This project is improving rural livelihoods through forest landscape restoration in the Philippines.
Improving the livelihoods of the rural poor remains a critical issue for the Philippines, especially in the country’s rural uplands where deforestation and land degradation are major challenges.
The National Greening Program (NGP) aims to rehabilitate 7.1 million ha of degraded lands. This initiative was designed to reduce poverty, and promote food security, environmental stability and biodiversity conservation, as well as enhancing climate change mitigation and adaptation.
Many of the plans are commitments under the Bonn Challenge, a global initiative to restore 350 million ha of degraded forestland by 2030. Underlying the Bonn Challenge is the forest landscape restoration (FLR) approach, which aims to restore ecological integrity while improving human wellbeing through multi-functional landscapes.
However, successful planning and implementation of reforestation programmes face many challenges. This project aims to improve the livelihoods of smallholders involved in FLR; develop and test options for scaling out landscape-scale community-based reforestation; and achieve better economic outcomes for smallholders through improved monitoring, best practices and policy.
- Higher household incomes through increased agroforestry, agricultural and fuelwood production.
- Between 500 and 1000 ha of unproductive land reforested within ten communities.
- Improved survival of seedlings planted within participating communities leading to cost savings for government and greater longer-term financial benefits for communities.
- Improved household incomes from the production of biofertilisers.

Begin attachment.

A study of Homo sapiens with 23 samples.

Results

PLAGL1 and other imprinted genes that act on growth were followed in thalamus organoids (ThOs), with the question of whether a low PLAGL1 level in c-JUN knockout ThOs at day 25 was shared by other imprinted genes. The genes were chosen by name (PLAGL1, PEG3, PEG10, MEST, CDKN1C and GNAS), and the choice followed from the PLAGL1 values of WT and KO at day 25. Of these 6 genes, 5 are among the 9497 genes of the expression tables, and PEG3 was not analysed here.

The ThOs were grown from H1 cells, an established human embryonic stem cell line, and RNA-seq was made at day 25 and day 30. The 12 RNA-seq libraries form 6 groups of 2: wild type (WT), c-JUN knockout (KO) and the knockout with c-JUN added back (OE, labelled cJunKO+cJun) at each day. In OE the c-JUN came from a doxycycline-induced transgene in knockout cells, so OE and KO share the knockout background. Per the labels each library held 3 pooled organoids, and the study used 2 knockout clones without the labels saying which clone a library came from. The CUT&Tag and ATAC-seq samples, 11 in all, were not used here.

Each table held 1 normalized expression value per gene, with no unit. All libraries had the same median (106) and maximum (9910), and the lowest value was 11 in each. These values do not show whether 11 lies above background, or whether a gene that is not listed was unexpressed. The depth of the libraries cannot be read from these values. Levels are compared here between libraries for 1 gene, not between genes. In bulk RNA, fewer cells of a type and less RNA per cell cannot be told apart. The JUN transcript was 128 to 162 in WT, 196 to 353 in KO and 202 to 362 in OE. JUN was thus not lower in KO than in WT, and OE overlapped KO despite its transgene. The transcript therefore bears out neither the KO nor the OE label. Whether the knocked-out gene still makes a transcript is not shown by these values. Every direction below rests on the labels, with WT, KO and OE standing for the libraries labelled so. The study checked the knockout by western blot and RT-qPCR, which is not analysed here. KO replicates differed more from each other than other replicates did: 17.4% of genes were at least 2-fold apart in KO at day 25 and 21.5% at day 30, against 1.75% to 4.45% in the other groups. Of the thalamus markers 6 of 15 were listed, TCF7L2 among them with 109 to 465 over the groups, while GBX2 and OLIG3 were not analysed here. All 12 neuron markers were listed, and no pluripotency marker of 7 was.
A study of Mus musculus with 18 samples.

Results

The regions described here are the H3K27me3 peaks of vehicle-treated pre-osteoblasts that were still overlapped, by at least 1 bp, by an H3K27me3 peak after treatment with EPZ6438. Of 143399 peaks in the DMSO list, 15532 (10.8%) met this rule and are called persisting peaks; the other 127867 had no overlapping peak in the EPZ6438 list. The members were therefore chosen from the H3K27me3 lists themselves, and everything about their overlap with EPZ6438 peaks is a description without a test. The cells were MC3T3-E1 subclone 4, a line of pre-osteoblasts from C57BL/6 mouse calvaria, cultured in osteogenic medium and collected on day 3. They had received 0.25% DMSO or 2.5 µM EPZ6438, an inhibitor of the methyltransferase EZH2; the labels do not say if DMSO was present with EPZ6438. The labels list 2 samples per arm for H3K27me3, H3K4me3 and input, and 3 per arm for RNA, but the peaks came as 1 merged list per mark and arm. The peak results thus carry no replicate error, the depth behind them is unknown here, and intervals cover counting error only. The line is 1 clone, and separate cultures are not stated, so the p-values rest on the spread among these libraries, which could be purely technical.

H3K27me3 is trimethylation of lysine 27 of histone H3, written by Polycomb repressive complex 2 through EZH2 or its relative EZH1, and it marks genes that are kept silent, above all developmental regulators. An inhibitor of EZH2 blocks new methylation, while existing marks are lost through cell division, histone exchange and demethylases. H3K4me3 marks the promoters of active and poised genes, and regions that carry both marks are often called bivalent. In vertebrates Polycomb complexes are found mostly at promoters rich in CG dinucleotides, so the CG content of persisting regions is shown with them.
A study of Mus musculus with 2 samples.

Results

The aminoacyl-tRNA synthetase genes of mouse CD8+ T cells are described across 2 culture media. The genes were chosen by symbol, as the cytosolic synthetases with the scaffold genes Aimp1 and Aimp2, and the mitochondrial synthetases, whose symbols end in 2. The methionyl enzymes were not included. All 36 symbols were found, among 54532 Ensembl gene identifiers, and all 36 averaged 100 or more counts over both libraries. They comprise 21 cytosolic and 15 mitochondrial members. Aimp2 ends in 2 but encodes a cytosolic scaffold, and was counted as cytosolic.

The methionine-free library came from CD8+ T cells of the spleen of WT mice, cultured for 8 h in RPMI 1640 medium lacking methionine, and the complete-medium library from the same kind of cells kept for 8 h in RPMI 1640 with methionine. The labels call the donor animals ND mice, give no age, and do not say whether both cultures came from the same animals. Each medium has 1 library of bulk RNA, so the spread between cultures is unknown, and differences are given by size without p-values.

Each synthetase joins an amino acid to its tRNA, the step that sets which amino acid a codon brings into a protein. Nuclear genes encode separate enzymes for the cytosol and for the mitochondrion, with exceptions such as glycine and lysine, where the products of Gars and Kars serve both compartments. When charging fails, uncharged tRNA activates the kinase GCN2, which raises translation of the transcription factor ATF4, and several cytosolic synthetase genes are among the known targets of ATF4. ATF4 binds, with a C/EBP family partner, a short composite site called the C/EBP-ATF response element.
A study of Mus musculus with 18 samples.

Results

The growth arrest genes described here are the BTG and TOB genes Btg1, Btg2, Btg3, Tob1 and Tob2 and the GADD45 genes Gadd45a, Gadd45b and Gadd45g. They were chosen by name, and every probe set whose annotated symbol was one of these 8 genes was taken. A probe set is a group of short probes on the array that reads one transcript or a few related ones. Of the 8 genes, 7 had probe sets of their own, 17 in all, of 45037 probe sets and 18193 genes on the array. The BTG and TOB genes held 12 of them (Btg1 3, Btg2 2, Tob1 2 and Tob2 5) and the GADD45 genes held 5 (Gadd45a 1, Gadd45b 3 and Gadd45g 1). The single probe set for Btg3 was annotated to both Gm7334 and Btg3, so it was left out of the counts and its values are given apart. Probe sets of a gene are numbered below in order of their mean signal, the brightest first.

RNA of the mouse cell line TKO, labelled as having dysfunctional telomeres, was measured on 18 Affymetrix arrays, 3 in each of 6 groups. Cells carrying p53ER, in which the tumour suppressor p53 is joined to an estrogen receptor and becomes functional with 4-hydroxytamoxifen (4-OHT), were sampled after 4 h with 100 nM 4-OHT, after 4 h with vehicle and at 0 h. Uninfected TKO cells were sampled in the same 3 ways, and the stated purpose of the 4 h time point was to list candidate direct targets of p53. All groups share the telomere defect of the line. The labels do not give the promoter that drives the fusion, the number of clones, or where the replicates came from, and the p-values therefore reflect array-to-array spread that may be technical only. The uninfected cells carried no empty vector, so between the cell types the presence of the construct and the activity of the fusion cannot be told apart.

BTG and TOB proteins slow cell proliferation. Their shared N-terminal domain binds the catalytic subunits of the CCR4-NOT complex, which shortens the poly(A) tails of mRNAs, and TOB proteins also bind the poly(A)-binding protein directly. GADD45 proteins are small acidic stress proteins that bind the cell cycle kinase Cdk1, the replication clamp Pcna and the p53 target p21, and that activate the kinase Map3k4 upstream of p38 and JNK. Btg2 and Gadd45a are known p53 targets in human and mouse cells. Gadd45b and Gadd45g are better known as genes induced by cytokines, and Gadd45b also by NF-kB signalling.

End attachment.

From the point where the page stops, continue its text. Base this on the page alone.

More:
- Improved ability to access funding from government to support FLR initiatives.
Summary of outcomes to date
- The project has effectively carried out various activities despite travel disruptions attributed to the COVID-19 pandemic. During this reporting period, surveys combining phone calls, online, and face-to-face interviews were undertaken to carry out research activities. This included research on: assessing agroforestry systems as communal livelihoods; socio-economic impacts of restoration projects; fire incidence in restoration projects and its underlying issues; pests and diseases in tree plantations; biofertiliser use and as an alternative for smallholder livelihood; and integrating trees in corn-dominated forest landscapes.
- Interviews and virtual meetings were also conducted to determine the factors affecting the organizational strengths of partner POs. Field trials on mixed-species plantings, variable spacing, and use of fertiliser were monitored. Livelihoods and restoration activities of partner POs in the three regions were also monitored.
- A weekly meeting with research partners and project staff has been conducted since June 2020.
- A policy workshop was conducted in Biliran in March 2022 to understand the success, challenges, and interventions in implementing community-based forest restoration. Results revealed a number of issues and concerns like lack of transparency in the use of funds, reluctance of land claimants to plant trees in their lands, tardiness, carbon ownership, and sharing scheme.
- The scaling out of forest restoration through a private company restoring at least 10,00 ha has commenced, benefiting from the experiences of the ACIAR FLR Project.
- Partnerships with the LGUs of Baybay and Ormoc, in Leyte Province, have been sustained to provide technical support in implementing their forest restoration projects.